United Methodist Church Proposes Split Over Gay Marriage, LGBTQ Clergy
The United Methodist Church, the third-largest religious denomination in the United States, is set to split over gay marriage and allowing LGBTQ people to become clergy members.
On Thursday, a group of Methodists bishops and other leaders finalized a proposal that would allow “traditionalist-minded congregations to form a new denomination” that could continue to oppose same-sex marriage and LGBTQ clergy members. The rest of the United Methodist Church, however, would go on to permit same-sex marriage and allow LGBTQ people to be ordained as clergy.
As part of the proposal, the United Methodist Church would pay out $25 million over four years to the new traditionalist denominations, though in turn they would have to give up claims to United Methodist assets, like church buildings.
The proposal still needs to be approved at the United Methodist Church’s 2020 General Conference, which takes place in May. In a statement, though, the Church said, “[G]iven the broad, influential coalition involved… the potential seems strong that the separation proposal can end or at least greatly reduce the denomination’s decades-long struggle over how accepting to be homosexuality.”
“This protocol provides a pathway that acknowledges our differences, respects everyone in the process and graciously allows us to continue to live out the mission of making disciples of Jesus Christ for the transformation of the world, albeit in different expressions,” said New York Conference Bishop Thomas Bickerton, who was part of the group that helped craft the proposal.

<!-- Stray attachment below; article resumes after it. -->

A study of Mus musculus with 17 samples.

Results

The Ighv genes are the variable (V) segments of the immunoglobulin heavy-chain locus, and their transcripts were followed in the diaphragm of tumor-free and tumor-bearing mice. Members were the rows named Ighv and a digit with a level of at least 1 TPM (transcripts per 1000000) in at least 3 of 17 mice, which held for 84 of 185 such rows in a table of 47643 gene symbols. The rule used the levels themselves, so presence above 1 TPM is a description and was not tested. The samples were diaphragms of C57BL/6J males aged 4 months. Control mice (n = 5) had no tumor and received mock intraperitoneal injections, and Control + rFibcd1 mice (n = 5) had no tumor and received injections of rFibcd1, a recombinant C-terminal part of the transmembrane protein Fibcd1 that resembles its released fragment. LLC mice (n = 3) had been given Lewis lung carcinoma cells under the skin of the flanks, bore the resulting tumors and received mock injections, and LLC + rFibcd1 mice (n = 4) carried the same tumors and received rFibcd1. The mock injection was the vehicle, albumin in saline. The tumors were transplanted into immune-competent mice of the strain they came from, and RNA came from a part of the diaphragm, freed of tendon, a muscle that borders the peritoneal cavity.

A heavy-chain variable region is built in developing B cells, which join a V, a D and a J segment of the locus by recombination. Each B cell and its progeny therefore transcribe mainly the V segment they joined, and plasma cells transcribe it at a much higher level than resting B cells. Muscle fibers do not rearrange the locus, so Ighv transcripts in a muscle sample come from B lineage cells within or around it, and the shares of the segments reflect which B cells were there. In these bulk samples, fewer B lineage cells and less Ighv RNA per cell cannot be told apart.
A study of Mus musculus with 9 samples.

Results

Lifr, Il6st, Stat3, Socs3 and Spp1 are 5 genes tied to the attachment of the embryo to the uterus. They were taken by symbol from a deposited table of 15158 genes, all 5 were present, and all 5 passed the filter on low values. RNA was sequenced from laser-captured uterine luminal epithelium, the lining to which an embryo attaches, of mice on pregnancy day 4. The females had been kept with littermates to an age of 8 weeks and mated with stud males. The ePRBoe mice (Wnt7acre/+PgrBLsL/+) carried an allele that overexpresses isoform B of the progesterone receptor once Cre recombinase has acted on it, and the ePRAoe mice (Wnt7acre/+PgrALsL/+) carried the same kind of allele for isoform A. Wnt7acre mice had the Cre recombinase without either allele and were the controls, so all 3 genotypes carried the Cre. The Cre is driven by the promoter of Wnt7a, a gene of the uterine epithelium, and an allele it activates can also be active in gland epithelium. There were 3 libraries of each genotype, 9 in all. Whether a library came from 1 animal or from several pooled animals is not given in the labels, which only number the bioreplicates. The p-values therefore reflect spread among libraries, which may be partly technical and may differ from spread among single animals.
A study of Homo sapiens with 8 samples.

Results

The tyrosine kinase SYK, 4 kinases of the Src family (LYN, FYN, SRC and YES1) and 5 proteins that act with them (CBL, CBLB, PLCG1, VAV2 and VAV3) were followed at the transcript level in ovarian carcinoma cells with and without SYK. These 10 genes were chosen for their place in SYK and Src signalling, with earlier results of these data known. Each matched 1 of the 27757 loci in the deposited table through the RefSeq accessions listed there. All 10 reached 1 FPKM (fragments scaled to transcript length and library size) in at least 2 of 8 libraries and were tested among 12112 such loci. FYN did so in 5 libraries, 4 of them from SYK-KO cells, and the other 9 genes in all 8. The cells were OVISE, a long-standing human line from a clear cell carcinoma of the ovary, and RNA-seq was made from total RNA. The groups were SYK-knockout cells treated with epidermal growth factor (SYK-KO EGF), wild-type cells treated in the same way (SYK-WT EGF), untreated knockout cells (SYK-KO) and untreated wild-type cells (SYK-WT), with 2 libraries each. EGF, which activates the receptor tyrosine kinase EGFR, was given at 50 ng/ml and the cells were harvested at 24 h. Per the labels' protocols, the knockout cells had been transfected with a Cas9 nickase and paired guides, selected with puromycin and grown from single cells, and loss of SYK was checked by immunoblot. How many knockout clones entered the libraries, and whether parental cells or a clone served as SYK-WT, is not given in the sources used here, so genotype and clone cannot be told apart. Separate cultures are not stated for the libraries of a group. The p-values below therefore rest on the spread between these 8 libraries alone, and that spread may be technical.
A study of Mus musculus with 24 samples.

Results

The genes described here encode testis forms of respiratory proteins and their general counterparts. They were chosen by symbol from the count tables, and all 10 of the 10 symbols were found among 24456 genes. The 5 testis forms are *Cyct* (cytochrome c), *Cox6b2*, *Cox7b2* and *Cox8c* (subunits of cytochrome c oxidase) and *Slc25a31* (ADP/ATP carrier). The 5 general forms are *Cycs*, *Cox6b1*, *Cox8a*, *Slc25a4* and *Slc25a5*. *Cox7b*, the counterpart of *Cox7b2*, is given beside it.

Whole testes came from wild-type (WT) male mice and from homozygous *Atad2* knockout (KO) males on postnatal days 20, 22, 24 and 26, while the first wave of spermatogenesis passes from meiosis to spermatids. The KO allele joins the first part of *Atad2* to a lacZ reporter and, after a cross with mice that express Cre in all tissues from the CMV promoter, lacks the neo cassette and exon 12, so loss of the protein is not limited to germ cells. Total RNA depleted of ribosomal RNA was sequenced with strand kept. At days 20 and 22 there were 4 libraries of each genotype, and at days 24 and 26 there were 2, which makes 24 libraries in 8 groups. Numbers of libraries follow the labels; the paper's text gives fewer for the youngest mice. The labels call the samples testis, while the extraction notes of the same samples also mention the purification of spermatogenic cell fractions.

As The Washington Post notes, the United Methodist Church is one of the few remaining mainline Protestant denominations in the United States to not perform same-sex marriage or allow LGBTQ clergy, and issues over LGBTQ inclusion have been a point of contention in recent years. But while political divides in the United States have fueled this fight, it was ultimately a global one, with international churches, especially those in Africa, tending to lean more conservative.
These factions clashed at the contentious 2019 General Conference, where a “Traditional Plan” over LGBTQ inclusion was passed that featured harsh punishments — such as a year’s suspension without pay, or removal from the clergy — for any pastor who performed a same-sex wedding. While those rules went into effect January 1st, the proposed split calls for temporarily suspending any “administrative or judicial processes related to same-sex weddings or ordination of gay clergy.”